How BLOODHOUND Ambassadors from Rolls-Royce inspire primary school children
By Grant Gibson, materials technologist at Rolls-Royce and BLOODHOUND Ambassador
One Friday last December a team from Rolls-Royce delivered a suite of interactive STEM activities for the pupils of St Alban’s Catholic Primary School in Chaddesden, Derby.
The day started with an assembly about aerodynamics, with the classic question “What does the part of the word ‘aero’ mean? I’ll give you a clue – it isn’t just a chocolate bar!”
Jet engines and airzookas
This led into an interactive ‘jet engine from junk’ demonstration. In these demonstrations ‘suck’ is represented by a household hoover while ‘squeeze’ is represented and demonstrated by a bike pump and wheel. ‘Blow’ is represented by a small leaf blower which an ambassador blasts in his face, much to the amusement of the pupils and other ambassadors.
‘Bang’ is the best bit, consisting of a used coffee tin, an aerosol and a barbeque lighter. (Recently, we have been upping the excitement by swapping deodorant for hairspray, which really makes a good BANG!)
The assembly then moved on to show children how an ‘airzooka’ works, explained how the children can build a small one themselves and culminated in firing giant smoke rings across the school hall.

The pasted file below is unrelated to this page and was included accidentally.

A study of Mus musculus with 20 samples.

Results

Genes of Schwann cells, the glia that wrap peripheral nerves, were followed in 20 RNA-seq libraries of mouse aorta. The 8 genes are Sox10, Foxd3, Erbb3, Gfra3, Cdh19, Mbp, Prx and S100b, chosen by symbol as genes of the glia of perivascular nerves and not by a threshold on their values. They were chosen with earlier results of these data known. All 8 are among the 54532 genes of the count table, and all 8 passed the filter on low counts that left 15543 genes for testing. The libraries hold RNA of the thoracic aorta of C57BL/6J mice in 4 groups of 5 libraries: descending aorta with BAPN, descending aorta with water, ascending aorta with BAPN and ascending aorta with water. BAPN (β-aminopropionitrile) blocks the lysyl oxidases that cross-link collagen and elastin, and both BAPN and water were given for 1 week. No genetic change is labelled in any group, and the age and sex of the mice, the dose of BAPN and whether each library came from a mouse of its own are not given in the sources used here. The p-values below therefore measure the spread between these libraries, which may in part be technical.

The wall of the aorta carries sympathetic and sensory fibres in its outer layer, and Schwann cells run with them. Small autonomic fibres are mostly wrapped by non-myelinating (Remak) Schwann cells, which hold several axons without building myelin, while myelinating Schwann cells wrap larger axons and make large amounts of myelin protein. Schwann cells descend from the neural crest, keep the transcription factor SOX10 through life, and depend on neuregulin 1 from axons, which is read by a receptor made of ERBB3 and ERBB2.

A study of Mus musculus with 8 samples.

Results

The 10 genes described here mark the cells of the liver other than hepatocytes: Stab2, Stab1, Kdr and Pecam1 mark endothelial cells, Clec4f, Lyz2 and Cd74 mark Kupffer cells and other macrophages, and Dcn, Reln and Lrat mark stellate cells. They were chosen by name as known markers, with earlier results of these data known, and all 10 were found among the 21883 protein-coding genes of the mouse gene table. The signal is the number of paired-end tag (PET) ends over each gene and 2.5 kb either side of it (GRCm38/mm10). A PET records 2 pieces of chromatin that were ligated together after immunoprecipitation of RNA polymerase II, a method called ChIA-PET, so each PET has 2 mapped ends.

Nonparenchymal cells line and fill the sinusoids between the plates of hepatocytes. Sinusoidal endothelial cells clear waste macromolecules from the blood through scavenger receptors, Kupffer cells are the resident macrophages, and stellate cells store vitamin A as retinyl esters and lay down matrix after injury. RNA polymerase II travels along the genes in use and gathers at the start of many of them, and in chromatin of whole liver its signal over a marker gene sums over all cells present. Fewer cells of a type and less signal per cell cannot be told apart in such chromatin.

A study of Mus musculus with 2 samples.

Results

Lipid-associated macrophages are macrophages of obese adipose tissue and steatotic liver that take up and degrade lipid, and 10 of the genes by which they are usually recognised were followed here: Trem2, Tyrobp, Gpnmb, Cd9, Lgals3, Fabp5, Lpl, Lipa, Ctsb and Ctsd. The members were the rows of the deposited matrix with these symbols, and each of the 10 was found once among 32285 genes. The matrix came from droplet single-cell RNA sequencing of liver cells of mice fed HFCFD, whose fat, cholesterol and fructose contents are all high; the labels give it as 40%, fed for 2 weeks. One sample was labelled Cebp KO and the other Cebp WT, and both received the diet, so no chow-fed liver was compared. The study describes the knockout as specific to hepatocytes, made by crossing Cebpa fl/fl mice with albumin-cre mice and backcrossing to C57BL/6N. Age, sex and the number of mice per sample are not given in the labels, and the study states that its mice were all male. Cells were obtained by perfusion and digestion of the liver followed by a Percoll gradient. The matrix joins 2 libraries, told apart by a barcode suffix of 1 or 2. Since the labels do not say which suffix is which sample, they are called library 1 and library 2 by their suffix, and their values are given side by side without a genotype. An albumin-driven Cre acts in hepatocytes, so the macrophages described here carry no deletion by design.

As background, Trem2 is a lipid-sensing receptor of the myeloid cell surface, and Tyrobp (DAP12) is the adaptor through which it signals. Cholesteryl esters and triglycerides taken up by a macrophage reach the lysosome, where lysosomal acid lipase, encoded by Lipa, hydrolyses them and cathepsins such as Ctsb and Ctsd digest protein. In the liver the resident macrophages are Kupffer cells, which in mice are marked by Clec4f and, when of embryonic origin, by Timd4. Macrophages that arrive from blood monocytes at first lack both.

Hands-on car building
Once the assembly was over the children were split into combined year groups: Years 1 and 2 were together, then 3 with 4, and 5 with 6.
The younger pupils experienced a mixture of water rockets, K’NEX rocket cars and BLOODHOUND balloon cars, while the Year 5 and 6 pupils spent all day designing and manufacturing elastic band powered cars.
Water rockets, K’NEX and balloon cars
Water rocket launching session 1 was temporarily halted when a bike pump split in half covering ambassador Stuart in grease! Other than a few near misses with the school roof the children loved it, especially when the ambassadors got soaked. Cold water plus a winter’s day makes a ‘nice’ combination.
K’NEX rocket cars always go down well and, judging by the deafening shouts that could be heard from outside the school building, the pupils really enjoyed this activity.
For the youngest students, building balloon cars sometimes descends into a fight over which colour balloon they want or who could steal someone else’s axles, but all things considered they did an excellent job and enjoyed racing them.
Elastic band powered cars
The most complex activity of the day involved designing and building elastic band powered cars from wood. The activity was designed to introduce Year 6 pupils to a slightly higher level of project than they might expect and one that is particularly pertinent as they will be moving on to secondary school in a few months.
There was mixed success with this one; no matter how many times you tell them to put the axles on straight and parallel, some always manage to make their car go in a circle!
If you would like more information on making elastic band cars or any other activity please get in touch with email@example.com who will do his best to help.